New Patio...too high?

Discussion in 'Bricks, Masonry and Concrete' started by Ron Davis, Jul 12, 2009.

  1. Jul 12, 2009 #1

    Ron Davis

    Ron Davis

    Ron Davis

    The new patio seems too high- the landscaping was the obvious problem, but now I am concerned because the patio butts against the house and is right up to the siding.
    Will this cause problems as water could force its way in and rot out frame?
    Is there a standard that should be followed?
    Construction code?

    Also what is the standard for "pitch"? Water puddles on my new stamped concrete patio?
    Shouldn't a pitch cause water to run off?
     
  2. Aug 25, 2009 #2

    glennjanie

    glennjanie

    glennjanie

    There was a reason the patio had sunk and it should have been torn out and remedied before the new one was laid.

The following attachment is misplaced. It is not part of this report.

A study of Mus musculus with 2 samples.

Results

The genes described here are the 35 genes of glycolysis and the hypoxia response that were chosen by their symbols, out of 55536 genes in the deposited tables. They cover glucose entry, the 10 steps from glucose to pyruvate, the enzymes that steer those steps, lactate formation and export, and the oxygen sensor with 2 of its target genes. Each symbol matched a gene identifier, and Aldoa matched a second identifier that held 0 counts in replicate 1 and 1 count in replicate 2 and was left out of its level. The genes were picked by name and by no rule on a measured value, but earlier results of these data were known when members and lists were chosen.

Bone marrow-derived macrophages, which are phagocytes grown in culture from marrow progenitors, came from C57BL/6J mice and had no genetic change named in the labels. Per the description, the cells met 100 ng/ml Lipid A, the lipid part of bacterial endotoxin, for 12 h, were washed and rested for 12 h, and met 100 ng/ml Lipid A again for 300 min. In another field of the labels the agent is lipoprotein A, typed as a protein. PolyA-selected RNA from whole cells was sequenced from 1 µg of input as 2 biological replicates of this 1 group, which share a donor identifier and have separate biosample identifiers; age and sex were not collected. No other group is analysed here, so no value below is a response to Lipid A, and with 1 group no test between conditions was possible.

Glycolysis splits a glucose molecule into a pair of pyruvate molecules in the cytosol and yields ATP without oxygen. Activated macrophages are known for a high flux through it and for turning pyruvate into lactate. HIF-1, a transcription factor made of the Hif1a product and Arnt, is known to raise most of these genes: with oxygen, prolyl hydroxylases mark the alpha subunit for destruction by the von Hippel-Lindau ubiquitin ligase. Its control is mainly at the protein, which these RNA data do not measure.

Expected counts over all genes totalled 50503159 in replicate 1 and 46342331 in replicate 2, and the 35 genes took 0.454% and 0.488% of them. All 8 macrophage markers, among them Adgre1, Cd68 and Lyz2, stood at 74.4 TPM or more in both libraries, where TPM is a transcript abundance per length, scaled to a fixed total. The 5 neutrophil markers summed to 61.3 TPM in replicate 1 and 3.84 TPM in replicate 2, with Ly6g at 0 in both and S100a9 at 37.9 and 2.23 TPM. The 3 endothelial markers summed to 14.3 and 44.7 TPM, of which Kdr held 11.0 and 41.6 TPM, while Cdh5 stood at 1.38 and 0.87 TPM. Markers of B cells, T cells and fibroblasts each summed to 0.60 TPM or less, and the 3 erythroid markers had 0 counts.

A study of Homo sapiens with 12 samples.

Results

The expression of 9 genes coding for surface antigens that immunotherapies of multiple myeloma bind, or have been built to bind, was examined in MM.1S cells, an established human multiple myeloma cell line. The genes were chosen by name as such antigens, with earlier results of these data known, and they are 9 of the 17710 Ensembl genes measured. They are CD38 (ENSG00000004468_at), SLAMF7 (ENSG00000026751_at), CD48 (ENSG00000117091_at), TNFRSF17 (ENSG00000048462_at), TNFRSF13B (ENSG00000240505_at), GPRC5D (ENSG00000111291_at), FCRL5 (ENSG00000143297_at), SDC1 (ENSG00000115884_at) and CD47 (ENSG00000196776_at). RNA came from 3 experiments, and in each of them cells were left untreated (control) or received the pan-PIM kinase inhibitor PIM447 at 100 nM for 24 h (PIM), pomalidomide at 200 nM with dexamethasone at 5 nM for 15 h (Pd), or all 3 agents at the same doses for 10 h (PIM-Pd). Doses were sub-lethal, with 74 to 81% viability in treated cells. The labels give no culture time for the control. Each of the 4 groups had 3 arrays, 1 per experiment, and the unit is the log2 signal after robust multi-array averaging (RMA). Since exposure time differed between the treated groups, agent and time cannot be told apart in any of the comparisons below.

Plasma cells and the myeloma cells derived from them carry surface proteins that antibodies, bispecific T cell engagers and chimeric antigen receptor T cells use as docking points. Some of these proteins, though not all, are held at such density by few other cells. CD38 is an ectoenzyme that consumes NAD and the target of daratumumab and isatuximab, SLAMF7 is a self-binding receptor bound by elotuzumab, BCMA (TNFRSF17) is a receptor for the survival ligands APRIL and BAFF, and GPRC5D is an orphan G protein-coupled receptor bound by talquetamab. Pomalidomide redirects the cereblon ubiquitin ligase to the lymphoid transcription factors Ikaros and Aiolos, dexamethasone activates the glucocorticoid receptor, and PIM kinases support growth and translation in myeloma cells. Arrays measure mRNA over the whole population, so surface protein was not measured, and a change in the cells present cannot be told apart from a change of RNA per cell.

You may try caulking along the siding to keep the water out. I like to see a patio or porch floor at least 4" below the floor of the house. Your local code may require even more than that.
    The standing water is a real problem where you live. It will freeze in the winter and cause your patio to break up. Enjoy it a few years while you save up another project buffer and have the whole thing torn out, subsurface repaired and pour another new one.
    Glenn
     
  3. Aug 26, 2009 #3

    JALEXED2

    JALEXED2

    JALEXED2


    Since you have already poured the patio, it good future information.

    I would recommend you get in the habit of shoveling your new patio to reduce the effects of standing water/ice that will occur. The thawing/refreezing cycle will not be helpful to the new patio. What is done is done.

    As glennjanie writes, it is best to have the patio below the siding since you do not want rainwater backing up to your house and spilling over the top of the foundation or sill plate of your home's framing. Again, what is done is done.

    In some cases, the general grading of a lot will force your hand about what you can do. Perhaps this was your case. Anyway, you will need to be attentive to rain/snow issues and try to minimize the effects.